Vols face test with No. 2 Oregon’s pace
Sep 10, 2013 | 438 views | 0 0 comments | 8 8 recommendations | email to a friend | print
TENNESSEE DEFENSIVE LINEMAN Trevarris Saulsberry pressures Western Kentucky Hilltoppers quarterback Brandon Doughty in the first half Saturday, at Neyland Stadium in Knoxville. Banner photo, RICHARD ROBERTS
TENNESSEE DEFENSIVE LINEMAN Trevarris Saulsberry pressures Western Kentucky Hilltoppers quarterback Brandon Doughty in the first half Saturday, at Neyland Stadium in Knoxville. Banner photo, RICHARD ROBERTS

He also realizes that’s easier said than done.

The Ducks (2-0) head into Saturday’s game with Tennessee averaging 62.5 points per game this season after ranking second nationally with 49.5 points per game last year. The average length of Oregon’s 17 touchdowns has been 22.9 yards.

“They’re as good as advertised, probably the most complete team I’ve seen in a number of years to date,” Jones said.

This represents by far the toughest test for a Tennessee defense that was vulnerable to big plays last season. The Volunteers (2-0) gave up seven touchdowns of at least 70 yards and 14 touchdowns of at least 40 yards a year ago.

The Vols have fared much better so far this year, but they haven’t faced an offense anywhere close to Oregon’s level. Tennessee blanked Football Championship Subdivision program Austin Peay 45-0 and forced seven turnovers in a 52-20 victory over Western Kentucky, but Oregon’s brisk pace will represent a major endurance test.

“We’re going to have to be able to withstand without substituting seven, eight, nine plays in a row,” Jones said. “Can our defensive front play winning football for eight, nine plays in a row without substituting?”

Some of the Vols know what’s in store.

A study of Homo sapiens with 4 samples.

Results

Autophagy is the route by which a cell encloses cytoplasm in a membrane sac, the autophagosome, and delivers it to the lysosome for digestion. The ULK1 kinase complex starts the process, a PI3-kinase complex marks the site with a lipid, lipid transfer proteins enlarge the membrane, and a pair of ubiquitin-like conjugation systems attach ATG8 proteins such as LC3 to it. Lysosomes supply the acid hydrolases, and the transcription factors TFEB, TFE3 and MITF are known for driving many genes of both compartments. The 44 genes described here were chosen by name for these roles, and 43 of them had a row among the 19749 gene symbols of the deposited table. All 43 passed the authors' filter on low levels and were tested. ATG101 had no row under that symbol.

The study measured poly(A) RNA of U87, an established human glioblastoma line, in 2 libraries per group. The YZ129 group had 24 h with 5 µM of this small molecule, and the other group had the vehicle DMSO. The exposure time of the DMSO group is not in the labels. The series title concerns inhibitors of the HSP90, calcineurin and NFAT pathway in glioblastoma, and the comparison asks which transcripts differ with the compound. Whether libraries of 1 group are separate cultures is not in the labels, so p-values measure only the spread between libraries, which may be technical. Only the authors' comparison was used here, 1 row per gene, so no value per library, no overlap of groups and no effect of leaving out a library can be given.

Tennessee hosted Oregon three years ago and led 13-3 before the Ducks scored the game’s final 45 points. The 48-13 loss represents the last time Tennessee has dropped a regular-season game to a non-conference opponent.

Among the current Tennessee defensive players who participated in that game were defensive ends Corey Miller and Jacques Smith plus linebacker Brent Brewer. Smith is expected back Saturday after missing the first two games of the season with a fractured right thumb.

No defensive players were made available to the media Monday. After the Western Kentucky game last week, the Vols said they’ve taken steps to prepare for fast-paced offenses such as Oregon’s point-a-minute attack.

Tennessee’s defensive linemen lost weight and added quickness during the offseason. They also benefited from the fact Tennessee’s offense has adopted a faster tempo.

“I was like 280-something in the spring and I’m down to like 260-something,” Tennessee defensive end Marlon Walls said Saturday. “That up-tempo offense that we practiced against everyday did a great job of getting us in shape. I know we’re going to push it up even more this week, and I was just telling the guys that we’re going to push it this week. We’re going to really go out there and see how tired we can really get.”

Of course, Jones’ offense doesn’t operate at quite the same pace as Oregon’s attack.

Last season, Oregon ran 15 more offensive plays per game than Jones’ Cincinnati team despite trailing the Bearcats by 53 seconds in average time of possession. So far this season, Tennessee has run three fewer total offensive plays than Oregon despite having an edge of over eight minutes in average time of possession.

Oregon has averaged 70 snaps per game this year while maintaining possession for just over 20 ½ minutes per game. Toledo is the only Football Bowl Subdivision program that ranks behind Oregon in time of possession. The Ducks are gaining an astounding 9.5 yards per play.

“They’re going to make their big plays,” Jones said. “That’s a function of what they do. That’s part of their offense. It’s not letting one big play equal two, equal three, equal four and have a snowball effect. ... We have to force them to make them drive the football on us, and that’s very challenging.”